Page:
Lawmakers will travel to Wall Street Wednesday in a last-ditch effort to rally the heads of the nation's largest financial services firms behind foundering reform legislation.
Merrill Lynch & Co. is to host a luncheon at its headquarters with key House Republicans and about two dozen executives from the banking, insurance, and securities industries.
Sources said the VIP list includes: Walter V. Shipley, chairman of Chase Manhattan Corp.; David A. Coulter, chairman of BankAmerica Corp.; Richard L. Huber, president of Aetna; and Philip J. Purcell, chairman of Morgan Stanley, Dean Witter, Discover & Co.
House Republican Conference Chairman John A. Boehner, R-Ohio, and two key subcommittee leaders-Rep. Michael G. Oxley, R-Ohio, and Rep. Marge Roukema, R-N.J.- plan to address the executives.
Such a session is rare, if not unprecedented. Even so, observers say prospects are grim that it will break the impasse that kept the sweeping financial reform bill from the House floor last year.
"It is dead, dead, dead this year," said Bert Ely, a financial services consultant in Alexandria, Va. "Psychologically, people have given up on it."
"We can all agree conceptually," said Annie Hall, director of public policy for Banc One Corp. "We cannot agree on the legislative language."
Besides the stifling industry politics, the Asian financial crisis and other outside factors could interfere with passage of the complex legislation.
Fights over funding and conditions for U.S. bailouts of Asian economies will seriously distract the banking committees in 1998, said Karen Shaw Petrou, president of the Washington consulting firm ISD/Shaw Inc.
And because it is an election year, lawmakers naturally will gravitate toward legislation involving automated teller machine fees, credit cards, predatory mortgage lending practices, and other populist concerns, she said. "I don't think there is room on a busy schedule for a bill that has a lot of problems," Ms. Petrou said.
Another wild card is the imminently expected Supreme Court decision on the banking industry's lawsuit against expansion of credit union membership. The loser might try to tack a legislative solution onto the reform bill, which could bog it down further.
Others were more bullish, although no one predicted a bill would pass the House and Senate this year.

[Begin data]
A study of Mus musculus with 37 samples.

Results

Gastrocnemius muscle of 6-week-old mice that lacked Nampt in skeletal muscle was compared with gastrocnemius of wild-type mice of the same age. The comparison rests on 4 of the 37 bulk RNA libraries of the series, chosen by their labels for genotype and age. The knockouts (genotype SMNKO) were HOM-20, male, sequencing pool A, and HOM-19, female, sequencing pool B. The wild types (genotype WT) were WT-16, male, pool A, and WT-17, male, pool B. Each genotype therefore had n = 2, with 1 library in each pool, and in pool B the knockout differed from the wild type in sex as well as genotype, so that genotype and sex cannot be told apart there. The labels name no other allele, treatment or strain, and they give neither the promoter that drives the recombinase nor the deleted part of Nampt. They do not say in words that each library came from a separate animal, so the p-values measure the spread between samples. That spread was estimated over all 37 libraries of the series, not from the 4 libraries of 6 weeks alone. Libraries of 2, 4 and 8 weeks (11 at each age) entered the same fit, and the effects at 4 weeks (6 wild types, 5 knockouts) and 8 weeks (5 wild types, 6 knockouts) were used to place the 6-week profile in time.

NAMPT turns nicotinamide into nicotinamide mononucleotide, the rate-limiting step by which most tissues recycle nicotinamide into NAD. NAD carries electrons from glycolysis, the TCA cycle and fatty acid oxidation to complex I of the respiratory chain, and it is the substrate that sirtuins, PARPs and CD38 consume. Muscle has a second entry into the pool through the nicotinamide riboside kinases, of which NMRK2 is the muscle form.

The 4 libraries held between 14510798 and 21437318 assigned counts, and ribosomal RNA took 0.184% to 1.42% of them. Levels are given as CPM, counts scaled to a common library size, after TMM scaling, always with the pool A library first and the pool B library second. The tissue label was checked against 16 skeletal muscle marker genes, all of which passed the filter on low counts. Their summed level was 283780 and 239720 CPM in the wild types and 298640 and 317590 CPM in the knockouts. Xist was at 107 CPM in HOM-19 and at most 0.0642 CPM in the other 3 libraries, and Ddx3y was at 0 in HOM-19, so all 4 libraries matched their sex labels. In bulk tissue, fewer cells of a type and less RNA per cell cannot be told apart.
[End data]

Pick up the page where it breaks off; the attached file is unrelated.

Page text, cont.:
"There has been remarkable progress, much more progress than most people are willing to recognize," said Bruce E. Thompson Jr., vice president of government relations for Merrill Lynch. He predicted House passage early this year, which would leave the Senate time to consider the bill before adjournment in early fall.
Lawmakers ultimately will have to act because "the market has gotten way out ahead of the policy set by Congress," said Samuel J. Baptista, president of the Financial Services Council.
Rep. Roukema agreed. "I do believe our leadership is concluding that and is going to do what it can," she said. "They are recognizing this should be a turning-point year."
Last year, the House Banking and Commerce committees passed conflicting versions of a bill that would topple decades-old legal barriers separating the financial services industries. Progress has been stymied by disputes over bank insurance and securities sales as well as turf battles among regulators.
The biggest obstacle, however, has been the banking industry's insistence that the thrift charter be eliminated, said John D. Hawke Jr., the Treasury Department's under secretary for domestic finance.
"We have the potential for major gridlock here," he said. "The bankers have made this a holy war."
The American Bankers Association doggedly persists in its demand that any bill keep provisions that would eliminate the thrift charter. "It cannot pass if they are removed," said Edward L. Yingling, the ABA's chief lobbyist. "If you dropped the thrift title, then we are opposed to the bill."